Leaving Cert results night and alcohol

So it will be a big night tomorrow night, no matter what results your son or daughter gets.

drinks2For the most part, plans have already been made to head to a nightclub or party to celebrate or commiserate the results.

Setting boundaries around alcohol

Even if your son or daughter is over 18 years-old, talk to them before they head out and set some boundaries around alcohol.

Make sure they know if they’re drinking to stick to one drink not to mix them and at all costs, avoid shots.

“Prinking”= pre-drinking

This is a big habit among young people in Ireland, drinking in someone’s house, or a field, barn wherever to consume cheaper drinks before going to a nightclub. Most people then have no idea how much they have consumed and can be way over the limit before they head anywhere and can be a recipe for uncontrollable drunkeness.

A good meal

Make sure they eat a substantial meal before going out so they are not drinking on an empty stomach.

Hydrate: with water!

Tell your son or daughter that it’s advisable to alternate alcoholic drinks with water, or make sure to drink water throughout the night.

Sticking together

It can be a highly emotional night and it can also get messy. Encourage them to stick with their friends and look out for each other.

Back-up plan

The combination of emotions, alcohol, all friends being out together can be quite overwhelming for some and no matter what goes on, someone will need looking after at some stage. If you can, let your son or daughter know that they can call you, WHATEVER happens.

In the unlikely situation that someone does get very sick or overwhelmed by the events, make sure they know they can call a trusted adult who can help so they don’t have to deal with it themselves.

Here’s hoping to results their happy with and great night!

Leaving Cert results, for parents

Students all over Ireland will be receiving their Leaving Cert results next week.

Youth Mental Health Ireland Exam StressAs a parent you’re looking at one of three situations if your son or daughter is getting their results and your reaction can be more important than you might think.

Your son or daughter may receive:

  • Good results, getting the marks they wanted or better
  • Not the results they wanted, with a poor indication of the they work they put in
  • Disappointing results.

Manage your reaction carefully. Work out how they feel and try to temper your own feelings right now. When you’re both ready you can work on the next steps, or any necessary solutions together.

Whatever their results are, your job as parent isn’t over yet (!) and your guidance and support are as important now as ever.

When the results are good

It’s kind of needless to say, if they get good results, celebrate and congratulate them. Let them know you’re proud of them. They did a great job.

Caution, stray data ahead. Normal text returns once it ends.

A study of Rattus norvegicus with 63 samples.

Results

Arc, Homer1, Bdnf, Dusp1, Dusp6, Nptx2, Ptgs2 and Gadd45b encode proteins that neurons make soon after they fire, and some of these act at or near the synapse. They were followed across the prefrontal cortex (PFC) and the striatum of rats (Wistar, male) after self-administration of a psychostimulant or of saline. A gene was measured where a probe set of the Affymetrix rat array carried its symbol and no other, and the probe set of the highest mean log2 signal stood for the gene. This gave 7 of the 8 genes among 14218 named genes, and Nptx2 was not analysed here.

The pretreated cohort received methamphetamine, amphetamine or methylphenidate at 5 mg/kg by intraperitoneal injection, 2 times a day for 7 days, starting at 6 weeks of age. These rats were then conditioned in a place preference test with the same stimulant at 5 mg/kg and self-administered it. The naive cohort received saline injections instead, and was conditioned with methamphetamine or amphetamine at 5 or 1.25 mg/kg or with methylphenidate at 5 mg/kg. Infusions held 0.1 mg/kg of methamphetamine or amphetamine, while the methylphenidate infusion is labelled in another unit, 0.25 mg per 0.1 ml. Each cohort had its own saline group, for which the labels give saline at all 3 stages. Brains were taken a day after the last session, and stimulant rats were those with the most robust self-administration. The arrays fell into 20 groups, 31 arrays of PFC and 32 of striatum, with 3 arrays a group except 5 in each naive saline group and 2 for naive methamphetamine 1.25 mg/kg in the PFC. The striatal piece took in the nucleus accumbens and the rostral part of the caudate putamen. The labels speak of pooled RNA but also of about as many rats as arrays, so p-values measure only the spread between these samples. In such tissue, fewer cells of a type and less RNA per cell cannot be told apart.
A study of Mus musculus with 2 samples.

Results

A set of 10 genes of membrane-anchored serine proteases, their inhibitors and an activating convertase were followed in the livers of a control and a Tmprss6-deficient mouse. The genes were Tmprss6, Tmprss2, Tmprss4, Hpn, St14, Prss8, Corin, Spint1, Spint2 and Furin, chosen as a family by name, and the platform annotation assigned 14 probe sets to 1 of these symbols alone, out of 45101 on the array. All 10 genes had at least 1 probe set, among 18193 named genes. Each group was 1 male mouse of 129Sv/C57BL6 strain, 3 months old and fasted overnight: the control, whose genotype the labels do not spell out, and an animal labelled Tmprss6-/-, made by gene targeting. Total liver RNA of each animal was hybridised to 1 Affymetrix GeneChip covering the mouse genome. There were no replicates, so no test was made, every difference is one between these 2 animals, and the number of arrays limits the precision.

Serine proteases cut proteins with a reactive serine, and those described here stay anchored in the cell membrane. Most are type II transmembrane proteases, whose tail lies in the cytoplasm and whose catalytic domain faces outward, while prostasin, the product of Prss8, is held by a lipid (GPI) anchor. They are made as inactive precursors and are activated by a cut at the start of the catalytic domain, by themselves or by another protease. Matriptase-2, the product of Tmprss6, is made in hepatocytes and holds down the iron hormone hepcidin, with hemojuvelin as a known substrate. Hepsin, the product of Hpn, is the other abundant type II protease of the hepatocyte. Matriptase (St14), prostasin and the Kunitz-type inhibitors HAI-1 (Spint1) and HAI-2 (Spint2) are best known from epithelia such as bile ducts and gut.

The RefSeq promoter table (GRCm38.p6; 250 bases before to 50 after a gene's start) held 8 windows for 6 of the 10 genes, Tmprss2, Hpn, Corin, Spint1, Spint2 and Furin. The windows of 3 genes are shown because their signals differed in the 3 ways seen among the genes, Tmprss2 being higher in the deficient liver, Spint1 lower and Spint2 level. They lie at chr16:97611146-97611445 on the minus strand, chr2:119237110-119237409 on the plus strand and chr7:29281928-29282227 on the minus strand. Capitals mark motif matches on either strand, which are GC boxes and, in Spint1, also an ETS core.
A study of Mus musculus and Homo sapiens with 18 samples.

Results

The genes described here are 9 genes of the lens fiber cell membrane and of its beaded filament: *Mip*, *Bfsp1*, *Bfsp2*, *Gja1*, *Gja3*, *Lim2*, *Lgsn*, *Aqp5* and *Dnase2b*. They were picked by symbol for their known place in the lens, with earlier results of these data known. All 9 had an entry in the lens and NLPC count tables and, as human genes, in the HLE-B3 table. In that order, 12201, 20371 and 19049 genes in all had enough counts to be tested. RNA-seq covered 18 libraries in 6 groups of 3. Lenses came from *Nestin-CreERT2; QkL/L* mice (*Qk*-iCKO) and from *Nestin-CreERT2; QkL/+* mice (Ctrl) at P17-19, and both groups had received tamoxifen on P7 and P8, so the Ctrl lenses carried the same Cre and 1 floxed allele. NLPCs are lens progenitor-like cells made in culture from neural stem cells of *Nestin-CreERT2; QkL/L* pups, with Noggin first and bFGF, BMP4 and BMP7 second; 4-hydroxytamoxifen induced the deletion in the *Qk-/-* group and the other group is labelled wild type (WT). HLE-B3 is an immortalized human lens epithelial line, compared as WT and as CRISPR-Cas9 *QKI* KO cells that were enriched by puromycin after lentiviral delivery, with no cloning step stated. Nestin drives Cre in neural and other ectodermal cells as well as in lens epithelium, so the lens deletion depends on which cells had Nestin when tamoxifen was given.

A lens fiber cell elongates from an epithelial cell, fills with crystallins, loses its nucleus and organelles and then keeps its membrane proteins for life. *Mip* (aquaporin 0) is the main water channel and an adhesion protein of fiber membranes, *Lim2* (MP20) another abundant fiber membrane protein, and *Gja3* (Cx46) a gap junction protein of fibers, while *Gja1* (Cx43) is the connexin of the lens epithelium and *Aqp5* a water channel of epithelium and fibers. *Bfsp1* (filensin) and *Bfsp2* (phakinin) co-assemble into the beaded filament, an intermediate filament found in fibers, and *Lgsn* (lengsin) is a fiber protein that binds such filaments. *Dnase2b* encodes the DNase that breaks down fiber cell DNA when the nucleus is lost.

Make sure they’re happy too and are not harboring any deep rooted expectations of doing even better. Some students put a lot of pressure on themselves so it’s good to check where they’re at.

Didn’t get the results they wanted

If they don’t get the results they expected, hold back from offering your thoughts as to why this has happened.

Try not to make comparisons with others, and discourage your son or daughter from doing this, as this helps no one really.

There are a many different paths to the one destination. This is where your support and open-mindedness can really come into play. Together you can work out a solution, about what are the best next steps.

Take a look at the school leavers’ section we developed on ReachOut.com to outline all available to someone who has just gotten their results, from CAO, PLC courses, getting papers rechecked to repeating the Leaving Cert.

Disappointing results

There are any number of reasons for this scenario. Stop and take these into consideration before you react.

It maybe very difficult to keep your opinion to yourself if you feel they genuinely did not put the work in, but even so they still maybe quite surprised and upset. The realisation that their peers may now be on a completely different path to them can be scary and upsetting.

If they never put the work in and just weren’t studious, this situation could be what turns them around and re-apply themselves by either repeating or exploring alternative PLC courses that cover subjects school never did.

Checkout the school leavers’ on ReachOut.com together for help with all the options they have now.

Check in with friends

Check in with them to see how their friends did. Try to find the balance where you’re not encouraging them to make unfair comparisons with others, but just make sure they’re keeping in touch with friends who maybe very disappointed.

It’s an emotional time for young people and marks quite a milestone. We have the knowledge that it’s not the be-all and end-all, but it can be hard to see that when you’re in it.

Your support will really help through this time.